Dermabrasion or Chemical Peels for Acne Scars
You may not have had an acne outbreak in years, but those pitted or lumpy scars remain on your face, making you feel self-conscious about your appearance. Scarring occurs when the skin becomes inflamed and damage occurs to the fibrous protein in the skin called collagen. Chemical peels and dermabrasion can reduce scarring by removing the top layers of the skin containing the scars.
Types of Scarring
Hypertrophic acne scars are thick, lumpy scars that are raised about the skin's surface. They commonly occur on the chest or back. Ice pick scars are deep, indented scars with steep edges, while atrophic scars may also be slightly indented, but are smoother and not as deep as ice pick scars. Acne can also cause skin discoloration. Brown, purple or pink spots may appear on the skin at the site of a healed acne lesion. African Americans, Hispanics and people of Middle Eastern descent are more likely to experience skin discoloration, formally called postinflammatory hyperpigmentation, and African Americans are at a higher risk of scarring, according to DermaNetwork.
Comparison of Two Procedures
The top layers of the skin peel away after treatment with a chemical peel, revealing smoother skin. Strong chemicals are applied to the skin to facilitate peeling. A chemical peel is effective in treating surface imperfections, discoloration and mild acne scars. Dermabrasion is a procedure used to resurface the skin with an abrasive device that removes more layers of skin than chemical peeling. Doctors use dermabrasion to remove deep acne scars.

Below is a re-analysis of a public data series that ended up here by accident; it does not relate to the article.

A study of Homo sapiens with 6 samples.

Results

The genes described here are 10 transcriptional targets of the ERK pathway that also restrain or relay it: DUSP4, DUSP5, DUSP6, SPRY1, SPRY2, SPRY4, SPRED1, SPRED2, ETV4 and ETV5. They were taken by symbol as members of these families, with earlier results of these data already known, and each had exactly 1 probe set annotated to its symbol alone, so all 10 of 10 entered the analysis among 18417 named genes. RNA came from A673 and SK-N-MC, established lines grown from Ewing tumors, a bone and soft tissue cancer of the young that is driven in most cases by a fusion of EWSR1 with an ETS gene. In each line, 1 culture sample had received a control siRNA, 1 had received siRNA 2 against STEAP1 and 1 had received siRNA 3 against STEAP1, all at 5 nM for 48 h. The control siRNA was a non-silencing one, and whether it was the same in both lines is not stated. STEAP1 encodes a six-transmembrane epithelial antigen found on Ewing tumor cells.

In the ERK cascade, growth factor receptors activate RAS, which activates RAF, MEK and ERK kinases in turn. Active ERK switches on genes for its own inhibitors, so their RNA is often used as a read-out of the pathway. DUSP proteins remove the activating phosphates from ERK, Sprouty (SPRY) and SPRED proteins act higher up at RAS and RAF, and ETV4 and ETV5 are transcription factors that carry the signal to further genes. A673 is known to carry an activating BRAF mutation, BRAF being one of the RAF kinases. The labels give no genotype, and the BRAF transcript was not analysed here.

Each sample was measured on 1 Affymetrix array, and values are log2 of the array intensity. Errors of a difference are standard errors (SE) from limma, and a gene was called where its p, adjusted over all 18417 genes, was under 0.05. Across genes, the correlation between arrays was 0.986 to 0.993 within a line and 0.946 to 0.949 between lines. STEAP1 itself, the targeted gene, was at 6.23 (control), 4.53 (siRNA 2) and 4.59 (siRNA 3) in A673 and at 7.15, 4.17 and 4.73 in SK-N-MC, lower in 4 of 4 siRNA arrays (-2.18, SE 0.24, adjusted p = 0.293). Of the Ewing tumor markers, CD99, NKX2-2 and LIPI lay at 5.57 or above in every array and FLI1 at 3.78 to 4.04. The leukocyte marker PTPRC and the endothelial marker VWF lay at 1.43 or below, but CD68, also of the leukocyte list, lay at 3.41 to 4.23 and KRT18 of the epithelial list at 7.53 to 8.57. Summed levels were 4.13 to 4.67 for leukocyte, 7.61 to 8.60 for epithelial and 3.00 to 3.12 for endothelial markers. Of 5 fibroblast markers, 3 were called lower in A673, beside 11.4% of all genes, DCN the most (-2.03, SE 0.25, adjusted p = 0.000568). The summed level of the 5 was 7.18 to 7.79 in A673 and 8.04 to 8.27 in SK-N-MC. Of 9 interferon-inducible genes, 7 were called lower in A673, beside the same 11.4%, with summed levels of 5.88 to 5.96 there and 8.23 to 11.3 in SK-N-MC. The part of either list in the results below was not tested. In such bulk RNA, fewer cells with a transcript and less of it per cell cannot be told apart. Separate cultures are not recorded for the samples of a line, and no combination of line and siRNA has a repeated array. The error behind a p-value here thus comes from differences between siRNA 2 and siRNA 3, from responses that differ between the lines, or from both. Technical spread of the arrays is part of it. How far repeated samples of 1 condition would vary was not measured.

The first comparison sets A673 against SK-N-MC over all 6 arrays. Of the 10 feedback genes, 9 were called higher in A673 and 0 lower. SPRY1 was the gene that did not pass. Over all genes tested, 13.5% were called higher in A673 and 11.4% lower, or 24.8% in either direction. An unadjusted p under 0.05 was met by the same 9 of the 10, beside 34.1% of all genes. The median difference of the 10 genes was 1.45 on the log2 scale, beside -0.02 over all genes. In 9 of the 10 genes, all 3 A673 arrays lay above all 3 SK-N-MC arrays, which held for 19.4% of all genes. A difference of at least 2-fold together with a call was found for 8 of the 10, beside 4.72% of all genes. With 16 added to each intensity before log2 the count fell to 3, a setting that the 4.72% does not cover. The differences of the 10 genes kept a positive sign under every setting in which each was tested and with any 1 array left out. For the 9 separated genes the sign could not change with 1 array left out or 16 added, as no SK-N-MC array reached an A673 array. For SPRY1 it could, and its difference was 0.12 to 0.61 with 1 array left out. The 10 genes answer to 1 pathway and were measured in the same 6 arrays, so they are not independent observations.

You may be given a local anesthetic and a sedative before undergoing dermabrasion. During the procedure, your doctor removes layers of the skin with a motorized burr or brush that contains tiny diamond particles. Skin layers are removed until scarring is less visible. In some cases, it may be impossible to completely remove the acne scar, but dermabrasion makes it less noticeable.
Chemical Peel Procedure
If you have a deep chemical peel, you may require anesthesia before the procedure begins. Anesthesia is not usually required for lighter peels, according to the Consumer Guide to Plastic Surgery. After the skin is cleaned, your doctor applies the chemicals to your face. The type of chemicals used depends on the level of the acne scarring and the depth of the peel needed. You may feel some stinging or a warm feeling in your face when the chemicals are applied.
You may notice redness or swelling on your skin following a chemical peel or dermabrasion for acne scarring. After a chemical peel, you may notice skin peeling for a few days or weeks. If you have had dermabrasion, scabs may form on your face, and your skin may feel itchy. If you are male, your doctor may advise you to avoid shaving while your skin is still sensitive. Using sunscreen is an important precaution after undergoing dermabrasion or a chemical peel. The new skin revealed by the procedures is particularly sensitive to sun damage.
There is an increased risk of skin discoloration after a chemical peel or dermabrasion procedure if you have dark skin, according to DermaNetwork. It is important to discuss this possibility with your doctor before undergoing either procedure.